My son doesn’t have a terminal illness or broken bones, and yet I am here fighting for his life. At eight years old he has suspected dyslexia, a suspected autism spectrum disorder and suspected generalised anxiety and depression, along with double vision.
Those suspected diagnoses mean that despite showing all the hallmarks of these disorders since the age of four, four years later we are no closer to either a diagnosis or a support system to create a plan for his future. There is so much red tape and such a dire lack of resources in children’s mental health.
Last week I received a phone call from my doctor’s surgery, relaying a message – your son’s referral has been rejected by CAMHS (Children and Adolescent Mental Health Services). This despite only the day before receiving a letter with a triage appointment for this week.
We have had multiple referrals and multiple rejections – this most recent one before they even spoke to my son. Instead I received a letter suggesting I, as a parent, “consult behavioural management resources to manage his challenging behaviour”. My son doesn’t have challenging behaviour – he isn’t violent or unkind, he isn’t a bully or disrespectful, in fact he is the opposite – and yet this is a thinly veiled suggestion that I simply need to control my child more effectively or be a better parent.
Data from the Education Policy Institute shows that one in every four children referred for mental health treatment is turned away by CAMHS.
I cannot convey how painful it is to watch your child experience psychological trauma and learning disorders and not be able to articulate what is happening to him, nor be taken seriously by those who should be safeguarding him.
The system is fundamentally failing an entire generation of children who will go on to battle equally inadequate services as adults without their parents to advocate for them. Mental health services are woefully underfunded and, according to the Local Government Association, only 6.7 per cent of the mental health budget is spent on children’s services. Despite a huge spike in cases of self-harming in children and suicide in young men, waiting times for children and young people to access mental health services can take up to 200 days.
In addition, government funding for the Early Intervention Grant and Public Health England, which both provide vital mental health services, has been cut by £500 million and £600 million respectively in the last five years.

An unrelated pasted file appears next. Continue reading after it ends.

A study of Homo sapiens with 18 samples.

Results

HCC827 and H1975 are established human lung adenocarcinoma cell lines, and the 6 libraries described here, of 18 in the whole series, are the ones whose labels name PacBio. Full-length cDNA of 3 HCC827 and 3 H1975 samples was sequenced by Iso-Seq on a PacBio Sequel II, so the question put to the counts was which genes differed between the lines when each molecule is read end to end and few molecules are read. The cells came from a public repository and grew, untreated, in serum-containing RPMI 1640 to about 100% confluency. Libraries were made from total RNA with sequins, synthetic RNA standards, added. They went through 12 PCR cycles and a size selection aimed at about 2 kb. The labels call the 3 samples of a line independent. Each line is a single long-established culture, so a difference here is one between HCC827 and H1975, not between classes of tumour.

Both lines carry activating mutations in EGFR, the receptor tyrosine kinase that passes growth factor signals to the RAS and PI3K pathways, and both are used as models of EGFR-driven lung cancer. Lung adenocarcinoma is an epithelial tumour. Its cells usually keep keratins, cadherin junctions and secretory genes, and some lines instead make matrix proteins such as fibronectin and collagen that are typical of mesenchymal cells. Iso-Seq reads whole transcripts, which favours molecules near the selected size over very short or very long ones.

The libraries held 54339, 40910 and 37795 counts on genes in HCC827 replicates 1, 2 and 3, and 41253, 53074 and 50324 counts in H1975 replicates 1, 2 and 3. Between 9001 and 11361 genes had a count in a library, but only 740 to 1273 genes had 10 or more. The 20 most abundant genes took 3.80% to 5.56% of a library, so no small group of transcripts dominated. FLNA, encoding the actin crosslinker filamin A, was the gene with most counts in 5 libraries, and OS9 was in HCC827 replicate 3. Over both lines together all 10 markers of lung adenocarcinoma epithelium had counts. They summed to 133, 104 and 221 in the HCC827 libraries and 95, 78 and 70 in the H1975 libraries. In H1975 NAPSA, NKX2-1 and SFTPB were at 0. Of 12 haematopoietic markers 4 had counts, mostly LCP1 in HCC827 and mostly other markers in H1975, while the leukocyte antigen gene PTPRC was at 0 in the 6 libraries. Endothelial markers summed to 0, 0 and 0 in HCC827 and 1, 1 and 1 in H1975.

I was told, by a mental health professional at Blackpool Victoria Hospital earlier this year, that lists of people waiting for help are so long that if they’re able to bump someone off the list for missing a phone call or appointment then they will. I have first hand experience of this – I tried to call a single point of access three times during an allocated appointment slot. Nobody picked up the phone. Then a week later I received a letter discharging me from the service for not making contact. How long does the government think people can wait for help before life becomes too much to handle?
Whilst billions of taxpayer money is being funnelled into contracts given away like candy to government associates with little to no experience, children and young adults are paying the price. When did human life and wellbeing become a commodity rooted in nepotism?
With the flames fanned by Covid-19 an entirely new cohort of people is now living in poverty. Poor economic areas like Blackpool, where I live, are facing down a mental health crisis they are not equiped to handle.
I call on the town’s MPs, Scott Benton and Paul Maynard, to take a stand for the people they are supposed to represent – give a voice to those who do not have one and make a commitment beyond lip service to achieving tangible changes in funding. Things have to change, or we will be left with a society of broken children.
But in the meantime I will have to explain to my son that he will no longer be speaking to a doctor, because they have made up their minds that he doesn’t need their help without even hearing his voice.